South Korea asks for trust; North agrees, lets families have reunions


  • U.N. leader urges countries to advance high-level engagement
  • Both sides will cut the harsh rhetoric, a South Korean official says
  • South Korea asked the North for trust in handling a poignant issue that divides them
  • The North agreed, and made a gesture of good will to back it up

In stark contrast to the bellicose gesturing that has haunted relations in the recent past, North and South Korea took conciliatory steps in each other's direction Friday.

Both sides will halt the harsh rhetoric, they agreed at a bilateral meeting on the heavily militarized border that divides them.

They hope that this and other agreements will serve to build trust between Pyongyang and Seoul, Kim Kyou-Hyun, a high South Korean security official, said after the meeting wrapped up.

Pyongyang has been particularly irked by joint military exercises between South Korea and the United States, and would like them to cease.

The next ones are scheduled for later this month, and the North views them as a prelude to an invasion. Last year, Pyongyang's threatening rhetoric reached alarming levels during the exercises, heightening tensions in the region.


But, on Friday, they agreed to let them go forward.

The reunions of about 200 people -- 100 from each country -- are scheduled to take place between February 20 and 25 at a resort on the North's side of the border.

They coincide with the planned military exercises.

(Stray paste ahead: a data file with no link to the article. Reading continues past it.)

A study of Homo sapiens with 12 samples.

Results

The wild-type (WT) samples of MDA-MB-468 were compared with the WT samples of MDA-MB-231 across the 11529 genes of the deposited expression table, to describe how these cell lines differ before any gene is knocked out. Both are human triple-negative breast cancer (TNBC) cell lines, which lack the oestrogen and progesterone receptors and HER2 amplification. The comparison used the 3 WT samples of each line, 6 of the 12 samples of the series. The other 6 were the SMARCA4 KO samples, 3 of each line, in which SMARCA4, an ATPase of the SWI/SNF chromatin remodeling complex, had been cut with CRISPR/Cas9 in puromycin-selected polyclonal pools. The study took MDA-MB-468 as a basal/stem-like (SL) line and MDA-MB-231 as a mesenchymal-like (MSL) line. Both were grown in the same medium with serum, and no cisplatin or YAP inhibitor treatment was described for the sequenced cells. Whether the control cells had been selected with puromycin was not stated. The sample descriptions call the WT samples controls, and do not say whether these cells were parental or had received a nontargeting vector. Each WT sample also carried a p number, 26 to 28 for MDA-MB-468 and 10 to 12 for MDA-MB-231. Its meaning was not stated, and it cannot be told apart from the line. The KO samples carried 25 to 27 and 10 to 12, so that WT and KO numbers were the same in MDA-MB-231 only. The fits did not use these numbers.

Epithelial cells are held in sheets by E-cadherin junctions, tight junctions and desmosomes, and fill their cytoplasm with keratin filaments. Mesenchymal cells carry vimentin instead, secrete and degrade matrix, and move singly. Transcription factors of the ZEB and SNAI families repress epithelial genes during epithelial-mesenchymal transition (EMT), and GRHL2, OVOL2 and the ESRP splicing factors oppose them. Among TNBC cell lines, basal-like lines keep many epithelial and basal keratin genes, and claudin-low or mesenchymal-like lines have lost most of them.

U.N. Secretary-General Ban Ki-moon urged the countries to build on the momentum that will be generated by their agreement to hold family reunions.

"Tension between the two Koreas has been high and inter-Korean relations have remained strained for far too long. As such, this important development is a step in the right direction," Ban said in a statement Friday.

He encouraged both sides to continue high-level engagement and take further steps to build confidence and trust.

Trust us

So far, South Korea and the United States have rejected the North's calls for this year's joint drills to be called off.

In September, North Korea canceled a previous round of family reunions with only a few days' notice, accusing Seoul of souring ties between the two countries.

Officials from the North told the delegation from the South on Friday that it feels the military exercises and the humanitarian issue are connected, Kim said.

The South rejected that connection in principle but asked the North for its trust in working out tensions over the joint military exercises.

The North agreed to this. Both sides also decided to hold another meeting at a future date, Kim said.

The current talks at the Panmunjom Peace House came at the suggestion of the North and took place Wednesday and Friday.

U.S. Secretary of State John Kerry visited Seoul on Thursday, where he met with South Korea's President Park Geun-hye.

He reiterated Washington's stance that the United States will not accept a nuclear armed North Korea and criticized a lack of progress by Pyongyang on this issue.

Kerry visited Beijing on Friday, in part to talk with Chinese leaders about their influence over Pyongyang.